Sunglasses and Sunscreen…It’s That Time of Year
As most of us are aware, spring and summer are just around
the corner. Some of us may have already
experienced some of the sun’s harmful rays with either sunburns or squinting
eyes that come from the oftentimes painful glare of the sun this season. As such, let this be a good reminder of how
important sunglasses, hats, sunscreen, and protective clothing are during this
busy upcoming outdoor time of year.
How does UV radiation affect you? Overexposure to UV radiation has negative
health effects which range from short-term effects such as sunburn, to
long-term effects, such as skin cancer. Every year in the U.S. over one million people are diagnosed with skin
cancer, and as a result of skin cancer, one person dies every hour. Overexposure to UV radiation can also cause
eye cataracts, eye damage, skin aging, growths on the skin, and suppression of
the immune system.
Who is at risk? Although the sun can adversely affect everyone, some people are at
higher risk for skin cancer when overexposed to UV radiation. People who are at the highest risk for skin
cancer are those who spend excessive amounts of time in the sun, as well as
those who get sunburns easily or frequently. Even though the risk of skin cancer is not equal for all people,
everyone should take precautions. It is
also important to remember that everyone is equally at risk for eye damage due
to overexposure to the sun’s ultraviolet radiation. During the summer months the level of
ultraviolet radiation is three times greater than in the winter.” With this being said, The American Academy of
Dermatology recommends selecting a sunscreen with 30 SPF or higher every day. It is also important to find a sunscreen described
as being broad spectrum. Broad spectrum
refers to a sunscreen that can protect from both UV-A and UV-B rays alike.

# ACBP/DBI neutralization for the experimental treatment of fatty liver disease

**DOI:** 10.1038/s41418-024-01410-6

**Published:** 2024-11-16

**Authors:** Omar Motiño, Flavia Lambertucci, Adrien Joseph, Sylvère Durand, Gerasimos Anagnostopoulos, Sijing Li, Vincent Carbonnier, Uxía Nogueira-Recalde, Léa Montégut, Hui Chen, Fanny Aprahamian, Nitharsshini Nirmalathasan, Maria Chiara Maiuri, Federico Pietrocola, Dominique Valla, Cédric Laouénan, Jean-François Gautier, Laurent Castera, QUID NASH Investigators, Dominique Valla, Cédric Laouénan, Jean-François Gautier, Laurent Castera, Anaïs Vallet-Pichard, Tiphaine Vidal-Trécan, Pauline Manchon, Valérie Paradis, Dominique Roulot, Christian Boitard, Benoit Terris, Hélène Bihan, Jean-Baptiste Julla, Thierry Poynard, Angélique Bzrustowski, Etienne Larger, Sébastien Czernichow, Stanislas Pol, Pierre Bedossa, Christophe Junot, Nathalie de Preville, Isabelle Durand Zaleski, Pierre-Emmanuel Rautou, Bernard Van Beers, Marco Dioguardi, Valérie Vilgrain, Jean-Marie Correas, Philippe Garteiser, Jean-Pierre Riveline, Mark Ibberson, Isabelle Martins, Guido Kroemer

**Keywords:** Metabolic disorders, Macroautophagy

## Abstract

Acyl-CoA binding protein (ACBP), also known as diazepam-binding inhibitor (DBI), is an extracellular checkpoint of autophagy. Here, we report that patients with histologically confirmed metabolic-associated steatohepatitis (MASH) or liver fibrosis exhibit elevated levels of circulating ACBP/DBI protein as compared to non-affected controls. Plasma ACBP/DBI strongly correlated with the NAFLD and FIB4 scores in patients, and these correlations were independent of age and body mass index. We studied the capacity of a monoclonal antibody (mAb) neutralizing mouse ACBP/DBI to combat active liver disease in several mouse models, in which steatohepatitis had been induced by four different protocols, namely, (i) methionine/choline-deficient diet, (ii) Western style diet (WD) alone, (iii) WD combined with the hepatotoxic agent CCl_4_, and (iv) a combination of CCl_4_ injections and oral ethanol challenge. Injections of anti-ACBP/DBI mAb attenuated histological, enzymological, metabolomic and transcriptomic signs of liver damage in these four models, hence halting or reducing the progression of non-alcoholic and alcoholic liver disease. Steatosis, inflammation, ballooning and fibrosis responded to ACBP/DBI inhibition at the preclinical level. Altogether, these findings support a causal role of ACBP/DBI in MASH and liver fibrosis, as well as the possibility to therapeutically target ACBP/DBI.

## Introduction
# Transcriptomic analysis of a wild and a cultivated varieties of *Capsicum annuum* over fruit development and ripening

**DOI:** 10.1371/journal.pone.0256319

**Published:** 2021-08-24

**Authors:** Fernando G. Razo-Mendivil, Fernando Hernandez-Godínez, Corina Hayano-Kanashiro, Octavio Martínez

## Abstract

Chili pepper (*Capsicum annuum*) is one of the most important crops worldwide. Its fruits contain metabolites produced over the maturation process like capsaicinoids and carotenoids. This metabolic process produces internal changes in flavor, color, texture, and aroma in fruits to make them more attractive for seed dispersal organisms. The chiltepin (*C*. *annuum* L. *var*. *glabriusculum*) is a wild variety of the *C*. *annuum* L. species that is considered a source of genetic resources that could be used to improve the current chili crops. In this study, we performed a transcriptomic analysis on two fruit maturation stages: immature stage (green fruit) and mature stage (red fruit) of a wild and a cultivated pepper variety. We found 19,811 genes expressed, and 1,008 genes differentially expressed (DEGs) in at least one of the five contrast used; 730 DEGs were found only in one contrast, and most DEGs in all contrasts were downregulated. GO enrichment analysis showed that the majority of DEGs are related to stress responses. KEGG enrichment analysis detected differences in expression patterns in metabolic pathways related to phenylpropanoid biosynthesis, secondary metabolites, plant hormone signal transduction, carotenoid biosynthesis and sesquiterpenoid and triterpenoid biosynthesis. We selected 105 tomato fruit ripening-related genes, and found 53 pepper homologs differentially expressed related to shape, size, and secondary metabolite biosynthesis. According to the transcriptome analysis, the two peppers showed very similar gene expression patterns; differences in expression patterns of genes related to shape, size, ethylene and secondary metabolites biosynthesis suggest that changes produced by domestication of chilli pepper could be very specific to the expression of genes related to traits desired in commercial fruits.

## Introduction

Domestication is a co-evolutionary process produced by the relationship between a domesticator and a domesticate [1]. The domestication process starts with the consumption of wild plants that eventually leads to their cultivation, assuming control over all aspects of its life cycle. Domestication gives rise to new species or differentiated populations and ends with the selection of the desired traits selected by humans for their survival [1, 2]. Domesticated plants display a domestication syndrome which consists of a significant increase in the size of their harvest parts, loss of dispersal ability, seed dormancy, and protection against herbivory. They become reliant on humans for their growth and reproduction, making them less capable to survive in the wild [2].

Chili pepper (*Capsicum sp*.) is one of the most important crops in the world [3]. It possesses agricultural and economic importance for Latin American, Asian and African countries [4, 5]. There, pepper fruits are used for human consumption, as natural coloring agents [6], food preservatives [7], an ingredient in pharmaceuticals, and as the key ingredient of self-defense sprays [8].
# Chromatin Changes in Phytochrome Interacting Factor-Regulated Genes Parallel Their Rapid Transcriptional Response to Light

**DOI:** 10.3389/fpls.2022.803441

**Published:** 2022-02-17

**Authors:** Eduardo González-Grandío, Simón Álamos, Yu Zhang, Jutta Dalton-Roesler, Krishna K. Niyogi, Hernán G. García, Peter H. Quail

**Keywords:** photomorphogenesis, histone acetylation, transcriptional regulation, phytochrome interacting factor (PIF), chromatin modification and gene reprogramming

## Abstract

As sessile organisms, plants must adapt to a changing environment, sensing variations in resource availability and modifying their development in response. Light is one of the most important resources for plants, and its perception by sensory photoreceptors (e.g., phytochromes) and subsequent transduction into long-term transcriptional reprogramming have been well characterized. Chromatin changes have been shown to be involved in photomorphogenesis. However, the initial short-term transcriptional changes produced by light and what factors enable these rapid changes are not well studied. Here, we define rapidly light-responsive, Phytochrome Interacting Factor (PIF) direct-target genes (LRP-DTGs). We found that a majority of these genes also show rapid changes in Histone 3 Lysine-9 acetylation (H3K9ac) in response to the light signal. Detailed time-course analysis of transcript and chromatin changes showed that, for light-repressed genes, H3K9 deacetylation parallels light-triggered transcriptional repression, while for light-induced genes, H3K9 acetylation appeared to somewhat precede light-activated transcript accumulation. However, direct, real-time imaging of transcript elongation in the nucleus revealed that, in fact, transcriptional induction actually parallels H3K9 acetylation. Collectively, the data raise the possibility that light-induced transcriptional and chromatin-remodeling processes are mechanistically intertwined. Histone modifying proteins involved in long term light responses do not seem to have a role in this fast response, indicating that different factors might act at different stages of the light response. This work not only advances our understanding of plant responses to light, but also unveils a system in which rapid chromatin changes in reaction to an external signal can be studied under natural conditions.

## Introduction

Sunglasses and wide-brimmed hats are also recommended. This is the best defense system for your eyes
and face against sunlight and harmful UV rays. To be effective, both must be worn every time you are outside for
prolonged periods of time, even when it is overcast. Again, dermatologists recommend sunscreen
every day of the year.
As we now know how to shop for the best sunscreen, we should
also know how to shop for the best sunglasses. It is important to purchase sunglasses which
block 99-100 percent of UV-A and UV-B rays. Do not be misled by the color of the lens or the price tag dangling from
the frame. The ability to block UV light
is not dependent on the darkness of the lens. UV protection can come from adding chemicals to the lens material during
manufacturing or from a chemical coating applied to the lens surface.
The following steps can also greatly reduce your risk of
Limit your time in the sun between 10AM and 4PM
Whenever possible, seek shade
Wear UV protective sunglasses
Wear a wide-brimmed hat and if possible, tightly
woven, full-length clothing
Use a broad-spectrum sunscreen with a 30 SPF or
Avoid sunlamps and tanning salons
Watch for the UV Index daily. UV Index reports can be found in local
newspapers, on television, or on the Web at the US National Weather Service,
the World Health Organization, and The Weather Channel.